On October 28 and 29, 2015, the Compass Rose Society held its annual meeting in London, England. Our Diocese is a member of this Society and I was honoured to be asked to attend and to visit the hallowed halls of Lambeth Palace. Also attending from the Diocese of New Westminster were Bishop Michael Ingham and his wife, Nancy Southam. As part of the meeting, in the afternoon of October 28 we met in the Guard Room at Lambeth Palace, a room filled with many of the portraits of past Archbishops of Canterbury and our group was addressed by the Most Reverend Justin Welby.
The Compass Rose Society (CRS) supports the programs and ministries of the Archbishop of Canterbury and the Anglican Consultative Council (ACC), the organization that sets the goals and direction for the Communion. The CRS gathers for an annual meeting in England to consider the year previous and to examine the year forthcoming. It is a group of Anglicans from different parts of the globe concerned about supporting the work and mission of our church.
This year we were also very fortunate to hear from the incoming Secretary General of the Anglican Communion, Archbishop Josiah Idowu-Fearon, most recently from Nigeria. He described his role as being a bridge-builder within the Communion. He has a strong evangelical background but also is known as one who can build a culture of respect for differences and a strong desire for peace. In Nigeria he was determined to build connections and ties with the Muslim community and for this he was shunned and vilified, even receiving death threats. This background, however, seemed to strengthen his resolve to build bridges within the Anglican Communion so that there is room for reconciliation.
Archbishop Josiah told of a few highlights within the Communion: there have been 4 new applications of new Anglican provinces in Africa and South America, the Primates’ meeting in January focussed on reconciliation, that there is a growing desire to agree to disagree but that much more work is needed.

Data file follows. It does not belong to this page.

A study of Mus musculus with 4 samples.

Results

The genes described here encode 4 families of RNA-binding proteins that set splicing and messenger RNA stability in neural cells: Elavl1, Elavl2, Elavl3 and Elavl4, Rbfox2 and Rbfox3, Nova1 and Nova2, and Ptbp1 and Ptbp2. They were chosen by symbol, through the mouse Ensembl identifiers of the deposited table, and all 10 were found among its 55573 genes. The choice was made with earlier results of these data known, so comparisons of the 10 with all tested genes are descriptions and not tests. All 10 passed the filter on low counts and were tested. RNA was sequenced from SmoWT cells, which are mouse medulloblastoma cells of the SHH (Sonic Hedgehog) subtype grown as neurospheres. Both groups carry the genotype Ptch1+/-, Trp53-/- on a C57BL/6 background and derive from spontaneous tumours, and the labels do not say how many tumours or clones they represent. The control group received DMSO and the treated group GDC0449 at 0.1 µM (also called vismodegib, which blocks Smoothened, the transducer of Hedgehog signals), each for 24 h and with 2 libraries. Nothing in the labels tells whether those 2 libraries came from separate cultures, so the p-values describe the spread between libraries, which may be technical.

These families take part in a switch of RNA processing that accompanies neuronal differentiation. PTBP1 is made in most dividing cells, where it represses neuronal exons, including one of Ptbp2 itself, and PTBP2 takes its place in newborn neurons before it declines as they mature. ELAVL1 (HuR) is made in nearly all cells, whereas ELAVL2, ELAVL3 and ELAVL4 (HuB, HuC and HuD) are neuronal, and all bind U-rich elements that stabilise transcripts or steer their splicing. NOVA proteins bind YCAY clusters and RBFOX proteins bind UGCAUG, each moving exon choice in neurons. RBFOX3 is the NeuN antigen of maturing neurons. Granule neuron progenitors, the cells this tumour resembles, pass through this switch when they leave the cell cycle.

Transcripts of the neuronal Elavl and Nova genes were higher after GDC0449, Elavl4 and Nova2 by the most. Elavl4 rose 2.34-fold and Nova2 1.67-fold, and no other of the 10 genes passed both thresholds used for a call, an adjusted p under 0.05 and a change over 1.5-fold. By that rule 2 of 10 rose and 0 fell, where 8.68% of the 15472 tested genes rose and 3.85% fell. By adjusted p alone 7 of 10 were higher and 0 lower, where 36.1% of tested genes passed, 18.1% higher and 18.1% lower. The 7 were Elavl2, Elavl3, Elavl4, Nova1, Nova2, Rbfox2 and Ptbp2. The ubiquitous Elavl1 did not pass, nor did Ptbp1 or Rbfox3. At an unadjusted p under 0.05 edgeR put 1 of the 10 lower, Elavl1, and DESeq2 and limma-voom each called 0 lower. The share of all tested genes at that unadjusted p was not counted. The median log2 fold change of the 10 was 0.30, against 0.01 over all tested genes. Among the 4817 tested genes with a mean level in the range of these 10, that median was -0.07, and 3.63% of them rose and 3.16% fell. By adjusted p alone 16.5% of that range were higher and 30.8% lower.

We also heard from Archbishop Thabo Makgoba of Southern Africa as he described the e-reader project that has been supported by funding from the CRS; a program where theological books and journals are made available to theological students via e-readers to spread greater theological and biblical teaching, greatly expanding the potential learning.
We heard too from Terrie Robinson, the Director for Women in Church and Society and her work at promoting and enabling inclusion and gender justice. She spoke about her role in helping to reduce gender based violence, referring us to a short video on “Anglicans and the 16 Days” (you will find it on YouTube and also more information on the Anglican Communion website). A video which is aimed at creating 16 days of activism on gender issues, girls in education, forced marriage, men’s attitudes to women etc.
We heard about a number of the projects that are supported by the CRS which include financially supporting the Anglican Observer at the United Nations, the Indaba process in the ACC, the Bishop Ackon Eye Clinic in Ghana, the Princess Basma Centre for Disabled Children in Jerusalem among others. The reach of the CRS is quite astounding quite apart from being one of the major donors to the ACC itself.
At Lambeth Palace, Archbishop Justin Welby spoke to us about his three priorities for the Anglican Communion: Prayer, Reconciliation and Evangelism.
• All that we do must be grounded in prayer and faith in Jesus Christ. He has created the Community of St. Anselm for young people (aged 19 to 35) to come and live in prayerful and service-filled community at Lambeth Palace.
• Reconciliation for our Anglican Communion is key to the future for our international Church. Archbishop Welby has visited with every Primate in their own country and then invited each of them to come to Lambeth Palace in January to meet and to discuss reconciliation. We need to talk about how we can agree to disagree and how we live with each other. How do we seek peace amongst ourselves? The Archbishop of Canterbury is using Coventry Cathedral as the symbolic centre of this ministry of reconciliation as its’ history is deeply grounded in the pursuit of peace.
• Evangelism is a must for the Church of every age as we must be about spreading and living the good news. He reminded us that we need to be constantly aware of our mission and where God is already working amongst us. “There is nothing human beings can do that God cannot outdo.” He told us.
The Compass Rose Society is a far reaching, faith-grounded, Anglican society based on supporting the work of our entire Anglican Communion. It was a great privilege for me to attend this meeting and experience some of the breadth and depth of our beloved Anglican Communion.